Raleigh, N.C. — Good Life, Great Read!
Miss the days when, coffee in hand and in slippers and robe, you’d wait for the sound of the morning paper to hit the front porch?
Ben Bradlee’s autobiography takes us back to the day when, of a morning, you’d open a Post, Times, Gazette or Herald and read earth shattering news, banner headlines not only announcing but making history— KENNEDY ASSASSINATED, BREAK IN AT DEMOCRATIC HEADQUARTERS, PENTAGON PAPERS RELEASED, WATERGATE HEARINGS BEGIN, VIETNAM RAGES, NIXON RESIGNS.
And Ben Bradlee may not have set the type but he sure as hell helped set the standard. No newspaperman in recent history made a greater impact on the future of U.S. journalism than the Washington Post’s managing editor.
Perfect, made all the right calls? No not even close. But it’s hard to imagine a more candid, accurate and generous account (he heaps praise on this fellow editors and writers) from the eye of the storm than Bradlee’s.
The early days—his growing up in Boston—have their moments. And Bradlee’s years as a slack-off—drinking, carousing, card player—at Harvard comes equipped with self-deprecating humor. His stint in the Pacific—zipping up and down in harm’s way on a Navy destroyer chasing Japanese subs, covering landing operations and firing deck guns at point blank range into enemy aircraft—makes riveting reading. . . while serving as a great reminder of what Bradlee and the Great Generation were thrown into during that “second war to end all wars.”
His post-war stepping stones, stories of the jobs that lead to the Post’s managing editor position must be told—early newspapering at the award winning New Hampshire Sunday News, earning his stripes on his first tour with the Washington Post, U.S. Press attaché stationed in Paris, and then as the European correspondent of Newsweek. But these early adventures, even considering the divorce from his first wife, Jean, and his affairs (not necessary in that order), are up against some rather strong autobiographical competition. I mean, who but Ben Bradlee (which he sees as the fortune that followed him his entire good life) would find themselves as the centerpiece (of sorts) of our history.
And that’s what makes A Good Life one of America’s great modern day autobiographies.
So, he and Tony, wife number two, come back from Paris with Newsweek’s bureau, buy a townhouse in DC’s Georgetown and who should move in several doors down? How about Senator John F. Kennedy? They have children of a like age, hit it off famously, socialize as couples and in the end Bradlee and Kennedy become closer than perhaps a U.S. President and a Newsweek reporter should be. At least as Bradlee tells it that’s what Jackie thought!
So we’re there from the Bay of Pigs, to Vietnam to that fateful day in Dallas.
And for all his entertaining Zelig moments (the man finds himself rubbing elbows with more people of fame and influence than Forrest Gump) our writer takes us into the heads, hearts and ink stained offices of that business we once called newspapering. We hit the mean street beats with reporters, feel editor’s angst over when to and when not to say, “Print it!” His compelling story of how he orchestrated the sale of Newsweek to the Washington Post is a career game changer, one that deservedly earns an entire chapter. Then (in part his reward for the above transaction) Bradlee finds himself, with the blessings of the Post’s owner Katherine Graham, back at the Post as the deputy managing editor and then finally as managing editor. Here, sleeves rolled up he carries out the dirty work of an ME—fights unions, strives for equal coverage for minorities and sometimes, in his words, “—-s up!”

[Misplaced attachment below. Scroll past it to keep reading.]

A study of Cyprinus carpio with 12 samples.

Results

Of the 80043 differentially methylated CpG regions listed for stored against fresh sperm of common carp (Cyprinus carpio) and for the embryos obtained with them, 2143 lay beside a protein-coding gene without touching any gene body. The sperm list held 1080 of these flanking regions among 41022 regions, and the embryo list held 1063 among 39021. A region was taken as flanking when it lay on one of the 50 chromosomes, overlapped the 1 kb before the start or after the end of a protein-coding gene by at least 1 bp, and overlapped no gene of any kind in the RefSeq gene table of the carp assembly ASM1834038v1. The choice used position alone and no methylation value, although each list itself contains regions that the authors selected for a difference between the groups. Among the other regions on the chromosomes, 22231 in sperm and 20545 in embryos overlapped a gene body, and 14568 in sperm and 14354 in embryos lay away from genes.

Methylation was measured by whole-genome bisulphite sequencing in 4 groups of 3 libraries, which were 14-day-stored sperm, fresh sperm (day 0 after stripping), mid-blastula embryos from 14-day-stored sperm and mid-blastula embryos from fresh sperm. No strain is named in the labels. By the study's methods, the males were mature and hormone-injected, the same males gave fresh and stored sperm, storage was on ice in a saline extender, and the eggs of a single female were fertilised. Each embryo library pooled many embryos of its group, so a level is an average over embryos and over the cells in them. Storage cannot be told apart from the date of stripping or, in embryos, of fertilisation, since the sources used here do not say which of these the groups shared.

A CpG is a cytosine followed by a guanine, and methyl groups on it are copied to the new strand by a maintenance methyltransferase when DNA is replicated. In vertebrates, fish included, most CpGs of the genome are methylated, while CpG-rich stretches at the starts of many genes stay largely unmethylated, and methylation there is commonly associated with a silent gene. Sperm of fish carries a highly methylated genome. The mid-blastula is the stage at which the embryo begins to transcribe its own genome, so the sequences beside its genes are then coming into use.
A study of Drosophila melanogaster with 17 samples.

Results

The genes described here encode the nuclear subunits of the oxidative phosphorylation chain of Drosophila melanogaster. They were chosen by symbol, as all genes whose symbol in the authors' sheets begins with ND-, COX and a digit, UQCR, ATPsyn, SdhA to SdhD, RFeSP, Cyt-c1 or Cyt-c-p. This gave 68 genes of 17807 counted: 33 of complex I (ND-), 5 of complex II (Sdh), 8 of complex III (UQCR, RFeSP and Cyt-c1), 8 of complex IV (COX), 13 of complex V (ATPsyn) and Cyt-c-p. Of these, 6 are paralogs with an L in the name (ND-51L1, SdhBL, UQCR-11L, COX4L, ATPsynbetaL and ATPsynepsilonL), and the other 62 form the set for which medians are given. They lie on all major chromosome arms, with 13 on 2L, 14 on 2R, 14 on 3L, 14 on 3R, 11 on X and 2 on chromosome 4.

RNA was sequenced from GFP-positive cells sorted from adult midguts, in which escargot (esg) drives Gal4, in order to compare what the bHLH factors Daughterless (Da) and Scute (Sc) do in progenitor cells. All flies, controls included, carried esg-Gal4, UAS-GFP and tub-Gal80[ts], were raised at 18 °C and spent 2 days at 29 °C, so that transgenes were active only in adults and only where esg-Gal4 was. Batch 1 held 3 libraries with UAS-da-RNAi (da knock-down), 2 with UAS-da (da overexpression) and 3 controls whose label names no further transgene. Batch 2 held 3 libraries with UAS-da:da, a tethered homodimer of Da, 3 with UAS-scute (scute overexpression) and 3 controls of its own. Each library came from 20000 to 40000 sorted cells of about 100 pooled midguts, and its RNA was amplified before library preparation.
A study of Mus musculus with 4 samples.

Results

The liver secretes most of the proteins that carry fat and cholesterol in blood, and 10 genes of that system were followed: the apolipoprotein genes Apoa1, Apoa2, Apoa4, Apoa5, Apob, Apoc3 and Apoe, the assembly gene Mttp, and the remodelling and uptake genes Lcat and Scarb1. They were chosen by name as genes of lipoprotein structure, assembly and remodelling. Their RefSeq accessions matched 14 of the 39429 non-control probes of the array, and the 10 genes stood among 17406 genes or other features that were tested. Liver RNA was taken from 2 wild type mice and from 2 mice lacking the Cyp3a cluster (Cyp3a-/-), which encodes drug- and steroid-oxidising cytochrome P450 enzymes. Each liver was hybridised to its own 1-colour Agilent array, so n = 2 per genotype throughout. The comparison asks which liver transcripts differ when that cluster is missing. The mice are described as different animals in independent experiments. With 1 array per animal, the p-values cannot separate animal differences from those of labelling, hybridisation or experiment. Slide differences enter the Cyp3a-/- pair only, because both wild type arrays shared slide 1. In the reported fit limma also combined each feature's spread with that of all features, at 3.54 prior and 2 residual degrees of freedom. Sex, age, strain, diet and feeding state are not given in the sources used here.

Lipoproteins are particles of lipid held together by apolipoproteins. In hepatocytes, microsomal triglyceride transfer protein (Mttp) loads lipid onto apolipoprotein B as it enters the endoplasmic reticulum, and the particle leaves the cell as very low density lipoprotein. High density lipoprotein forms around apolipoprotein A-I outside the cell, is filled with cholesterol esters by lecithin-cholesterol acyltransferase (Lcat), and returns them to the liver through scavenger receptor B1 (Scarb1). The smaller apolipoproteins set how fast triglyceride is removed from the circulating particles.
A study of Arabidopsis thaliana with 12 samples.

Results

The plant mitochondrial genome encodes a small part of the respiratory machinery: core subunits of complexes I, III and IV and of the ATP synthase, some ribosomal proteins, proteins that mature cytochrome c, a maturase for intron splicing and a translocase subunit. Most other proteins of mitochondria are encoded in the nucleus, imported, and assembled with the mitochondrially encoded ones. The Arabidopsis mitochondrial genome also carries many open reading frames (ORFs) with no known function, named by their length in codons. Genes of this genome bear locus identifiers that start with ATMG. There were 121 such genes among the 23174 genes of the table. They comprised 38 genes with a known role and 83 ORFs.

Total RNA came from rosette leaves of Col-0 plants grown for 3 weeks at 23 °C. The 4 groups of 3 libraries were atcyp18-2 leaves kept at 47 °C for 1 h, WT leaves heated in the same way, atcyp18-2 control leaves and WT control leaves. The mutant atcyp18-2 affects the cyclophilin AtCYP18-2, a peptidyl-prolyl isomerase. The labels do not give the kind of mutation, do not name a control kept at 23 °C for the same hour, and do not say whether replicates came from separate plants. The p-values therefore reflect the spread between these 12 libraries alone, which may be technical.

There may be no better example of the latter than the hiring and failure to vet Janet Cooke, a talented writer who fabricated a story that won the writer and The Washington Post the Pulitzer—an undeserved prize that disgraced the Post, its editors and writers.
And of course, there are no better examples of his triumphs than—hands on the reins—the Washington Post’s coverage of the Vietnam War, the Pentagon Papers, and Watergate.
In his closing, along with the trials and tribulations of his personal life (patching up divorces, healing family wounds, the affair with and then marriage to Style writer Sally Quinn) Bradlee presents readers with insightful thoughts regarding the responsibilities of the press: he clarifies the difference between gossip and news, articulates how a good editor defines slander and reinforces why ethics should always remain a newspaper’s watchword.
So, A Good Life, indeed, Mr. Bradlee. For all your good fortunes—being in the right place at the right time—you, in the end proved to be the consummate reporter. You tell your story well and have our thanks for the sharing.
For a copy of A Good Life ask your librarian, order through your independent bookseller or try Amazon.com where you can buy the 1995 autobiography for less than the newsstand price of a Washington Post on August 9, 1974, the day Nixon resigned.
Bob Cairns runs the site "Page Turners from the Past," a website devoted to bringing readers reviews of older books that deserve a good dusting off! His reviews are featured once a month on WRAL.com.